Ad Blocking Is a Problem, Here’s How to Fix it

Written by Tim Edmundson

There’s an old Benjamin Franklin quote, “In this world nothing can be said to be certain, except death and taxes.” If Mr. Franklin had been born a bit later in life and found himself to be working in advertising, he would probably add “ad blocking” to that list.

For the uninitiated, ad blocking is a type of software that filters and blocks any advertising from appearing on websites. There are ad blockers for all sorts of devices, from desktops to tablets to phones. And this is a huge problem for the industry as a whole, because not only do advertisers need ads seen, publishers heavily rely on the revenue generated by ads to stay in business. Needless to say, ad blocking is kind of a big deal, and it’s only getting bigger.

Ignoring ad blocking won’t make it go away. This is an issue that requires thoughtful examination and a bit of soul searching, should the advertising industry ever overcome it. Let’s take a look at the current state of ad blocking, and what the industry can do to fix the issue.

The Problem

Ad blockers exist because of poor user experiences. There’s no way of getting around it — if ads weren’t detracting from someone’s enjoyment of the internet, there would be no reason to install one. Take this Twitter post from Ben Chase on why people aren’t reading long articles anymore.

The red circles represent content unrelated to the article the user clicked through to read. And while a good number are content modules (publishers take note of that — there is such a thing as “too much”), ads are definitely contributing to the problem. Looking at the image below, desktop sites can be just as guilty — there’s no actual content from the article visible above the fold — just an image, ads, and related content (with a bonus ad hidden in there as well).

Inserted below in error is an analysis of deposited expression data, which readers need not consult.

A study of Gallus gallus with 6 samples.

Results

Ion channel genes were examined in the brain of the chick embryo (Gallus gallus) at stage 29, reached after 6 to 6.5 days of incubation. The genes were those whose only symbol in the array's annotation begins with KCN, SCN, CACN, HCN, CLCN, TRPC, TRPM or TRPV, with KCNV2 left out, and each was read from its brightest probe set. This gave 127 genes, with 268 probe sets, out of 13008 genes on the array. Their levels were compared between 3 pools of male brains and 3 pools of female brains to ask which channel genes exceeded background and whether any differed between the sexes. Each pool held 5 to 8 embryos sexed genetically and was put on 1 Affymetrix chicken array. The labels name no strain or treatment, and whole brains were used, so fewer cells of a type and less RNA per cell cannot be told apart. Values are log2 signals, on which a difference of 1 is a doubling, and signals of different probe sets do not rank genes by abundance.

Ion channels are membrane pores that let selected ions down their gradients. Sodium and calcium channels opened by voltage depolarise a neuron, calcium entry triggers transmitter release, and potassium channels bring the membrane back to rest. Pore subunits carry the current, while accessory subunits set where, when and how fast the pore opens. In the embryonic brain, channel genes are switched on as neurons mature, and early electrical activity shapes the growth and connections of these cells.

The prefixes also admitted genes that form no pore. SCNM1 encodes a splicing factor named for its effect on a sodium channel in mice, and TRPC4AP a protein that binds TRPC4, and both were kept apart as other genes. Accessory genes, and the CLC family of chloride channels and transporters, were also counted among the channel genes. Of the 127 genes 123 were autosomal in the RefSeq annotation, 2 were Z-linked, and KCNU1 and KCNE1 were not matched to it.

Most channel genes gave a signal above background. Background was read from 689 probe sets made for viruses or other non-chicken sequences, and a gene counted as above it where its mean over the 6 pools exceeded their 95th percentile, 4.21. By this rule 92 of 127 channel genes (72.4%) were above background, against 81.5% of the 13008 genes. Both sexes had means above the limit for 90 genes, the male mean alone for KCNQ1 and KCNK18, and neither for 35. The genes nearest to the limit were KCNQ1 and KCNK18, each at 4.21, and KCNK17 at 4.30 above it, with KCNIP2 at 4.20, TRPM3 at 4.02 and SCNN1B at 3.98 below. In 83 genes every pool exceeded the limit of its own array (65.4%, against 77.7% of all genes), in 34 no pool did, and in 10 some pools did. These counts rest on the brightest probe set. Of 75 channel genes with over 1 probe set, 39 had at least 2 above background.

Advertisers need to take this landscape into account. More likely than not, your audience is going to be hit with a lot all at once, and much of it isn’t going to be what they’re specifically looking for. So not only are you challenged with trying to grab user attention amongst the sea of ads they’re seeing, you need to somehow serve them content that doesn’t detract from their experience. That can be quite the tightrope to walk, but it’s not hopeless — more on that in a bit.

Ad Blocking By the Numbers

With the current landscape seen above, it’s not hard to imagine why ad blockers are prevalent. In fact, the numbers show that they’re on the rise.

30% of internet users are expected to be using ad blocking software by 2018. That’s an enormous chunk of business going missing from advertiser and publisher coffers.

Over 65 million desktop users are employing ad blocking software, with nearly 26 million smartphone users doing the same. These numbers will only increase — so how can the industry address this before it becomes an even bigger issue?

The Solution

There has been plenty of debate on how best to combat ad blocking. Many solutions have been proposed, ranging from technical trickery that sidestep ad blocking, to creating walled gardens that keep the ad blockers out. And while these may be effective ways of combatting the blockers, these solutions only address the symptoms and not the disease. We as an industry must eliminate the poor user experience that has spawned the use of this tech to begin with.

So how is that done? It must be accomplished on multiple fronts — publishers can work to find better ways to balance content with advertising. Advertisers can better focus their targeting to ensure their ads are being served to audiences who actually get value from their ads.

Importantly, we need to ensure the ads we are serving are valuable to our audience. This means building creative that is appealing to the eye, and gives consumers a reason to click. Customers always love a good sale, so look for opportunities to give them an extra incentive to convert. Loyalty programs are always effective, and pair well with retargeting campaigns since you can focus your ads on existing, engaged, or returning customers. If people understand they’re missing out when they’re blocking ads, they’ll think twice about it.

And while offering incentive is important, it’s absolutely imperative to pair enticing offers with beautiful creative. If you’re building ads that look great and contribute to, rather than detract from a user’s experience, you’re helping to eliminate ad blocking. Look for ways to beautify your ads and incorporate formats like video that users actually want to engage with. We need to address it from all angles and positively add to a user’s experience, if we want users to start to ditching their ad blockers. Do your part, and work hard to build beautiful and relevant ads that your customers will want to see.